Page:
REVIEW: Fear Itself #1
Do you fear… event fatigue? I hope not, as Marvel is here with its latest big event, promising magical Mjolnirs for all the bad guys, paranoia and panic for the good guys, and expanded page counts for all the readers. The only thing you have to fear is not reading this review for Fear Itself #1!
FEAR ITSELF #1 OF 7
Written by: Matt Fraction
Pencils & Cover by: Stuart Immonen
Color by: Laura Martin
Letters by: Chris Eliopoulos
Edited by: Lauren Sankovitch
Published by: Marvel Comics
“Volstagg and the Avengers! Imagine it, Steven! With your mind!”
So here we are, Dear Readers, with another earth-shattering, paradigm-punching, multiverse-mangling mega-event in the making. Fear Itself promises to force Marvel’s Mightiest to face up to their deepest doubts, and also give a bunch of bad guys magical hammer-y things. Right, so how’s it do?
Fraction starts the story off in Lower Manhattan in the middle of an angry protest/counter-protest regarding something being built on a suspiciously prominent hole in the ground. This is obviously supposed to signify the whole “building a mosque near Ground Zero” kerfluffle, and it’s something that works. Fraction obviously wants to make a statement about how fear can be toxic to society, and it’s a topic well worth exploring. How well it will be explored in this miniseries is another question.
At the protest, Steve Rogers and Sharon Carter are standing around looking good in their jumpsuits and ostensibly keeping the peace, when things go pear-shaped and Steve catches a brick in the face for his troubles. This leads to a nice bit where ex-Cap can’t believe that the riot wasn’t induced by some nefarious means and that regular, ordinary citizens are capable of violent madness all on their own. Then Red Skull’s daughter (Sin) gives us some Nazi-on-Nazi action, gets possessed by an evil hammer, swims past some dragons, and wakes up a skinnier, eviler Odin. Meanwhile, Odin yells at The Watcher, beats up Thor, throws a party, beats up Thor again, and makes all the Norse gods leave Earth.
Stuart Immonen’s art is good, but nothing really pops off the page. I do miss the cartoonier style he used in Nextwave, although that wouldn’t really be appropriate in this book. But without that distinctive style, there’s not much separating this from the usual Marvel house style. It’s workmanlike and efficient, but never really exciting. The same goes for Laura Martin’s coloring: good, but not great (albeit with one mistake, where Red Hulk turns green for a panel – they gotta let Thunderbolt Ross grow his mustache or this will happen a lot in group scenes).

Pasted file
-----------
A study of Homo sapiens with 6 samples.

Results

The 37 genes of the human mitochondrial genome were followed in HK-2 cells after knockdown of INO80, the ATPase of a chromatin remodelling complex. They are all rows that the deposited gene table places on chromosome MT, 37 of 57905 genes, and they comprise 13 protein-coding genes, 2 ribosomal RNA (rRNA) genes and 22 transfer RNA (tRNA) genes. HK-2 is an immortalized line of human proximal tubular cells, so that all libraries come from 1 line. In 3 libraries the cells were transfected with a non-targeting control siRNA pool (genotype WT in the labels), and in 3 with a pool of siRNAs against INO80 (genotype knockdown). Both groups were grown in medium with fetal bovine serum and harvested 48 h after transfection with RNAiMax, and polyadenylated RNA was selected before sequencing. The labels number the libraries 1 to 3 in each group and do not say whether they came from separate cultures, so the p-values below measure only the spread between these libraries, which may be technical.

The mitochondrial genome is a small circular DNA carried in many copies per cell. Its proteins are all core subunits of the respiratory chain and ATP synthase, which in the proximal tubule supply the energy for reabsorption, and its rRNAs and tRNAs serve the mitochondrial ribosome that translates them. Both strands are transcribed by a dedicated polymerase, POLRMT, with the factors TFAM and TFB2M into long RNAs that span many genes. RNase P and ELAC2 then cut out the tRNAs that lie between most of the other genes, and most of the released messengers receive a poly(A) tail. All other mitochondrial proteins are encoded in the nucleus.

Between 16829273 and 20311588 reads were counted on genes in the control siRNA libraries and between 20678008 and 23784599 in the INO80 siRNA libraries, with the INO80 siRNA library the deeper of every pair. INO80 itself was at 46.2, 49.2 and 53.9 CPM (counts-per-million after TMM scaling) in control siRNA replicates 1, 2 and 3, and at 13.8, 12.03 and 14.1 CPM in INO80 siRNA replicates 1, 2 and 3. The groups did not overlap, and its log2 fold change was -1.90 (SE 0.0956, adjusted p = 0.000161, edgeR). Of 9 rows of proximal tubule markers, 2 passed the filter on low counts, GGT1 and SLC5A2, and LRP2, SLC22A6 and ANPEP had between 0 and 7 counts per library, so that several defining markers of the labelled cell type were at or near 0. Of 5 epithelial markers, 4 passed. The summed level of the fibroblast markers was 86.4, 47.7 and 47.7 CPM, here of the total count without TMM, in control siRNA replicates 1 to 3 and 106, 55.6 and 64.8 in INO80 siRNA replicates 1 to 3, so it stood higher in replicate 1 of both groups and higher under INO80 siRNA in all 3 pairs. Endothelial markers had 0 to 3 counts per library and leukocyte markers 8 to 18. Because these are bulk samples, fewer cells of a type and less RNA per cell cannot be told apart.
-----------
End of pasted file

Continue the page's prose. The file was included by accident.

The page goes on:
ANOTHER THING TO FEAR IS AN ANGRY ODIN
The best parts of the story actually focus on the regular people. The riot in New York is fictional, but feels all too possible. The most fascinating pages focus on Rick, some random schlub from Broxton, Oklahoma, the new home of Asgard post-Siege. His neighbors are victims of the housing crisis, his town is overrun by gawking tourists, and his son is afraid of all the strange lights in the sky. Rick’s story gets swallowed up by page after page of Odin yelling at stuff, but the mortal’s is the more interesting drama. Odin gets a lot of ink in order to sell the epic nature of this series, but I hope that Rick or someone like him gets more attention, since it’s what links the nebulous super-hero-y God of Fear stuff with the very real fears that the readers all have. If this story is to be meaningful, it has to be grounded in something more than just “Juggernaut gets a hammer while Cyclops cries about being Magneto-esque.” Good science fiction is entertaining first, but it also creates metaphors for something involving the human condition. I think Fraction is attempting that here, but so far it’s too wrapped up in Marvel mythology to be truly compelling. I hope that changes in future issues.
I’m as sick of these big crossover events as anyone, and I was originally going to give this one a pass, but what the hell, I checked it out. And it passed the comics litmus test – I was entertained reading it and didn’t feel ripped off. But these big event comics have to be held to a higher standard than any regular monthly. After all, the writers and artists are asked to invest a lot more, as are the readers. And nothing other than page count separates Fear Itself from any other comic. I haven’t seen anything in this story that wouldn’t be at home between the covers of any issue of Thor, and honestly, this issue feels like it could’ve been told in less than 44 pages. If the publishers are going to push these big events, they really need a reason for these miniseries to exist outside of the usual monthly confines. I’m interested enough to keep reading, but if you’re ambivalent about Marvel’s latest BIG EVENT, don’t sweat it if you miss it.
Fear Itself #1 features four dragons, four blows to the head, three cows, Thor ignoring the first rule of the Ghostbusters (“When someone asks you if you’re a god, you say yes”), an interview with a VERY smirky Bendis and Odin chokeslamming Thor. It also majorly skimps on sound effects, providing only one (albeit very poignant) tch-chk.